Richard H. Davis
Professor of Religion and Asian Studies, Bard College
Thursday, March 29, 7:00pm
Sussman Theater, Olmsted Center, Drake University
In several classical Sanskrit works, the god Krishna is presented as a human incarnation of the Supreme Being, Vishnu. Yet he grows up in humble circumstances within a community of nomadic cowherders. They are not appraised of the divinity living among them, and only gradually come to recognize his more-than-human capacities. The narratives of his early life play with the ironic distance between the knowing reader and the unknowing cowherders. When the child Krishna performs acts that clearly display superhuman strength, the cowherders struggle to comprehend these phenomena. The drama of these accounts revolves around the difficulty of recognizing miraculous actions of a god, especially when that divinity is a baby. In this presentation I use the narratives of Krishna’s childhood among the cowherders to reflect on the use of “miracles” as a comparative category in the study of religion.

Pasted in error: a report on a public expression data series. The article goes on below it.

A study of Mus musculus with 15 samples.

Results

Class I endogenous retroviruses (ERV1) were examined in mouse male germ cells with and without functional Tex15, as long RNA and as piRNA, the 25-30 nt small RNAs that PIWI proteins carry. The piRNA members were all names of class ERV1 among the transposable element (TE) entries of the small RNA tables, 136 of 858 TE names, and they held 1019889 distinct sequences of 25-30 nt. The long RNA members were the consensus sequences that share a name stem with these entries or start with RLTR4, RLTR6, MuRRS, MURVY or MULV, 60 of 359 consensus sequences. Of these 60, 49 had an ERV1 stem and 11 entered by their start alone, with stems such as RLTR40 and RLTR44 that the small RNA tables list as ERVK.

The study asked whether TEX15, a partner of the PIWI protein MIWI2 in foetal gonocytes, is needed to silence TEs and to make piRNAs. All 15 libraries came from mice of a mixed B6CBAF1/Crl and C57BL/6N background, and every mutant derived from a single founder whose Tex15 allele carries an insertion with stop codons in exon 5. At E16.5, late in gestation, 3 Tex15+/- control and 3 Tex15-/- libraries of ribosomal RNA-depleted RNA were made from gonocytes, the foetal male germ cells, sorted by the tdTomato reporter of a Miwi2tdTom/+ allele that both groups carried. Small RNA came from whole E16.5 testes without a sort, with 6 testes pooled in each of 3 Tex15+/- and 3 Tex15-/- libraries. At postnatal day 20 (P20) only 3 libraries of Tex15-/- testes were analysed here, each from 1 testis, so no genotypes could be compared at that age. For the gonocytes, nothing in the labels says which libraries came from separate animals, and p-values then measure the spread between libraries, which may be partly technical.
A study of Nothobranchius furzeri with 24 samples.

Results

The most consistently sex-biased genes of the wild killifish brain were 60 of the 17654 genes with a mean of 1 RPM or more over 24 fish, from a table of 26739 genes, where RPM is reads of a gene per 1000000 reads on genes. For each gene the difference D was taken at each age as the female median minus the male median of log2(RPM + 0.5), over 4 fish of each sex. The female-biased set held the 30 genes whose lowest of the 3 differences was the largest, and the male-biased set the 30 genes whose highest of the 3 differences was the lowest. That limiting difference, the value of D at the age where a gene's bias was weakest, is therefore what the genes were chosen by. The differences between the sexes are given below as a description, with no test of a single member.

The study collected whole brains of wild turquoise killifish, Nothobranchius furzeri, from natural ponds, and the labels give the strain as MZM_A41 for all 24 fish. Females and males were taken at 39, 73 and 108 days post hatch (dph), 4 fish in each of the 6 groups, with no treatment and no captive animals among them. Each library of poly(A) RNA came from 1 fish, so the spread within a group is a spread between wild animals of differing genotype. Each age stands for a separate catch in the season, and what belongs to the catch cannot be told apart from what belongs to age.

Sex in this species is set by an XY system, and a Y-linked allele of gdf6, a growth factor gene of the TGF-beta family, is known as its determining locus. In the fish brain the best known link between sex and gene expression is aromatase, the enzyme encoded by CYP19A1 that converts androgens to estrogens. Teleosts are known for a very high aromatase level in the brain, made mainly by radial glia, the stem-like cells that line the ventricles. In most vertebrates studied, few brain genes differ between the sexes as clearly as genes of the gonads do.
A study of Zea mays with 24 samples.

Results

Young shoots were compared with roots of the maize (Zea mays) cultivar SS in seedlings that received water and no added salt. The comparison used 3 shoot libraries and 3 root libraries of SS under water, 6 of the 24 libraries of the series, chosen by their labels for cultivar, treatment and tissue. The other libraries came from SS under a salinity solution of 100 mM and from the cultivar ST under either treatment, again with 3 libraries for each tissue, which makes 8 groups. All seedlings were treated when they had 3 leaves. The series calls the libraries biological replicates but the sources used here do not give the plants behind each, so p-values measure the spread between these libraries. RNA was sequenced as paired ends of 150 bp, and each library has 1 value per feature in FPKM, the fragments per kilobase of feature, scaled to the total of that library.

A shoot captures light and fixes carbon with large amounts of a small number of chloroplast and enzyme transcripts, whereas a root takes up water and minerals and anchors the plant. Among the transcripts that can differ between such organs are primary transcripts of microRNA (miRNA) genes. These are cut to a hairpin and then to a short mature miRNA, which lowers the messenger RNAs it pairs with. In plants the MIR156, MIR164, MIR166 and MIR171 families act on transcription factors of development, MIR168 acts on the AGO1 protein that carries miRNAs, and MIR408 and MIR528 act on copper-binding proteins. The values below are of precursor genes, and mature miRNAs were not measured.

Richard H. Davis is Professor of Religion and Asian Studies Programs at Bard College, Annandale-on-Hudson, NY. Formerly he taught as assistant and associate professor at Yale University. His most recent publication is The Bhagavad Gita: A Biography (Princeton University Press, 2014). He is author of four other books: Ritual in an Oscillating Universe: Worshiping Siva in Medieval India (Princeton, 1991), Lives of Indian Images (Princeton, 1997), Global India, circa 100 CE: South Asia in Early World History (AAS, 2010), and A Priest’s Guide for the Great Festival (Oxford, 2010). He has edited two volumes, and also wrote the text for a catalog of Indian religious prints, Gods in Print: Masterpieces of India’s Mythological Art (Mandala, 2012). Currently he is continuing work on the reception history of the Bhagavad Gita, and on a history of religions in early South Asia.